Now The Highway Program Is Between The Governor And The Legislature



New Mexico is out of highway money, but Gov. Bill Richardson turned back the rapid advance of House bills in the 2003 Legislature that would have provided it by increasing the two major road-fund taxes.

The governor’s alternative will be to refinance the debt left by the creative financing of the previous administration, according to insiders. Gov. Gary Johnson, with the approval of the legislature and the help of Sen. Pete Domenici, R-N.M., borrowed against future federal highway funding and negotiated a longterm payout. Current bond interest rates should be low enough to make refinancing worth while and free up some money for the highway program. But this is a short-term solution.

The House Democrats passed a long-term bill that would have increased the gasoline tax 5.4 cents a gallon, or $70 million a year. When Richardson announced his opposition the bill dropped dead in the Senate. Another House bill increasing the motor vehicle excise tax, the “sales tax” on cars, from 3 to 3.5 per cent met with the same fate.

Richardson, like House Republican leader Ted Hobbs, may have opposed the bills simply because they were tax increases, even though the taxes were rationalized by House Speaker Ben Lujan as highway “user fees.” But there was another problem, behind the scenes. Both bills earmarked the new revenue for specific projects, and the Johnson highway commission was taking a strong stand against legislative interference with highway planning.

The tale of the fight was told in a Legislative Finance Committee report attached to an LFC bill introduced by Sen. Ben Altamirano. It declared the legislature’s “exclusive authority to appropriate from the state road fund and to designate the purpose of the appropriation.”

The report told how the commission had deliberately shunned the 2002 Legislature’s list of highway projects in a $27 million appropriation to the Highway Department. Last June 18 the LFC asked department Secretary Pete Rahn how the projects were coming along. The response was a strongly worded letter from Highway Commission (now Transportation Commission) Chairman Holm Bursum III.

“The commission does not interpret the language regarding the legislative project priorities to be an appropriation but, instead, informational,” the letter said. It asserted that the commission is “the constitutional, executive body responsible for setting all matters of policy for the department and especially for expenditures of the state road fund.”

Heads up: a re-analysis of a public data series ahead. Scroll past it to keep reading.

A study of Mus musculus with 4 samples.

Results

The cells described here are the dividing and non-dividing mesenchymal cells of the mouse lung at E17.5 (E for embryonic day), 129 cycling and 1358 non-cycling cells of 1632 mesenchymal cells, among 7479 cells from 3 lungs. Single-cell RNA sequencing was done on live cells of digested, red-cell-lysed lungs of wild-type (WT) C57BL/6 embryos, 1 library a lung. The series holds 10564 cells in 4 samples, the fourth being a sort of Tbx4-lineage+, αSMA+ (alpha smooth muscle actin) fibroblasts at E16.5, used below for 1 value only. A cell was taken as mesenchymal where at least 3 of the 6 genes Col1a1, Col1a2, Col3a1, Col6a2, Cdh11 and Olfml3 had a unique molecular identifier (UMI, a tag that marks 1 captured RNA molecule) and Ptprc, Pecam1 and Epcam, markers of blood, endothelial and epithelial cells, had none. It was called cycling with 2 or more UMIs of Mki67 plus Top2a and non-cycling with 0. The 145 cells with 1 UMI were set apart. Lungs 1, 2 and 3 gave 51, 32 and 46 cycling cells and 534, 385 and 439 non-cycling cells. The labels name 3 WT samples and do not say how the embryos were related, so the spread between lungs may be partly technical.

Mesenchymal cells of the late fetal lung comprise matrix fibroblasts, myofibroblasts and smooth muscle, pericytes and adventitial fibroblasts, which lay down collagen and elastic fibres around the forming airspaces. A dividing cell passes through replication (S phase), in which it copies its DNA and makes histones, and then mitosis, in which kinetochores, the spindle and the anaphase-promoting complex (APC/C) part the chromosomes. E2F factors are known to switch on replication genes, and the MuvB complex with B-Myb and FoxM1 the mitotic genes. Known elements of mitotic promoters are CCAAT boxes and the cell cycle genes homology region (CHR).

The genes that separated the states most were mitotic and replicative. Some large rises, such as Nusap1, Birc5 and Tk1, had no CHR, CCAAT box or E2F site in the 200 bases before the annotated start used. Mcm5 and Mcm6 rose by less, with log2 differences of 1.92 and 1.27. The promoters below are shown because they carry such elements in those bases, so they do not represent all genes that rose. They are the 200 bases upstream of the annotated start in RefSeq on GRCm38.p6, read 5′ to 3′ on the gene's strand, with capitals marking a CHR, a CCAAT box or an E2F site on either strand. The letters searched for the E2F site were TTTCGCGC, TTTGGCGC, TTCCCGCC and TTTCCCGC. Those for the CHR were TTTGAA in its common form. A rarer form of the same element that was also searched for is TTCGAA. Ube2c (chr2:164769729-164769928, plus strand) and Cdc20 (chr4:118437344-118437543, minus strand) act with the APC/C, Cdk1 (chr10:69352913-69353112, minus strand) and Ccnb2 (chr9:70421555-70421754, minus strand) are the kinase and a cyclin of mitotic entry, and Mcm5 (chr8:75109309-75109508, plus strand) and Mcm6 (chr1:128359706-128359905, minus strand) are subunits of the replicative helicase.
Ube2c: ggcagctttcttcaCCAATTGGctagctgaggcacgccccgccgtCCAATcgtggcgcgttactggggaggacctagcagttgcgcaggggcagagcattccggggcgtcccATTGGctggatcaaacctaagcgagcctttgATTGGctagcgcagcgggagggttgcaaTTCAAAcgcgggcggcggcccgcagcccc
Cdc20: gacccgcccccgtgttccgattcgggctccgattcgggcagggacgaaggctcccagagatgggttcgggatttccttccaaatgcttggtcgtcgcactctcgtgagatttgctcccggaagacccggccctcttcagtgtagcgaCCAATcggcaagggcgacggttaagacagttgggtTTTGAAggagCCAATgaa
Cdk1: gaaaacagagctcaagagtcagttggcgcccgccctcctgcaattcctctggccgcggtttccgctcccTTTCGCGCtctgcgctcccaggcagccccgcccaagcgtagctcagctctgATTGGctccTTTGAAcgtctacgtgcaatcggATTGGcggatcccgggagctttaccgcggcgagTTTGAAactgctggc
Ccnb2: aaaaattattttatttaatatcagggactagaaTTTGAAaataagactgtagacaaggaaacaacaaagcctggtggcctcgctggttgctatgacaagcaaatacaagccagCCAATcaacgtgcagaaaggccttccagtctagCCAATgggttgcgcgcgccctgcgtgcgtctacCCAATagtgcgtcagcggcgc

In short, Bursum told the LFC to butt out. The committee asked for an attorney general’s opinion on who’s in charge here. Deputy Atty. Gen. Stuart Bluestone says the question is still under review. When the 2003 Legislature convened, the LFC decided to clear up the matter on its own with the Altamirano bill, which might have forced the issue into court.

But the bill never saw action. The legislature came up with an easier way of dealing with the holdover Johnson commission majority: fire them all. A bill was passed and signed into law that, for the first time in at least 35 years, says commissioners serve at the pleasure of the governor.

Republican “no’s” denied it the extraordinary majority to go into effect immediately, so Richardson will have to wait until late June to take control of the commission.

The department, however, still is not gleeful about submitting to legislative highway priorities. The report on the Altamirano bill noted the department’s concern that if the legislature “intrudes” too much on department management, the state could wind up with “projects that have had no assessment of need, planning, public input or scheduling.” Further, the report said, a legislative takeover could jeopardize federal funds.

The legislative response, noted in the report is, “there should be mutual agreement.” And this probably is how the highway program will go under Richardson.

The list of projects in the other tax increase, the motor vehicle excise tax bill, were small and “porky.” The list in the gasoline tax bill included these big projects:

Four-laning of U.S. 666 from Tohatchi to Shiprock and of U.S. 54 from Tularosa to Santa Rosa, reconstruction of the I-40 and Coors interchange in Albuquerque, four-laning of U.S. 62 and 180 from the Texas state line to Carlsbad; six-laning of I-25 from from the Tramway interchange to the U.S. 550 interchange and from the NM47 exit to Cesar Chavez Boulevard, improvements to Isleta Boulevard in Albuquerque, to the Sunland Park extension near Santa Teresa, and to I-40 at the Acoma interchange, reconstruction of four miles of I-40 west of Gallup, improvements to U.S., 84 and 285 between Pojoaque and Espanola, to Coors and NM 45 from Bridge and to Rio Bravo and the intersection with Arenal in Albuquerque, reconstruction of I-40 in Tijeras canyon and of University south of Rio Bravo to Mesa del Sol, and improvements to Rio Bravo between University and I- 25 and to the I-25 and Rio Bravo interchange.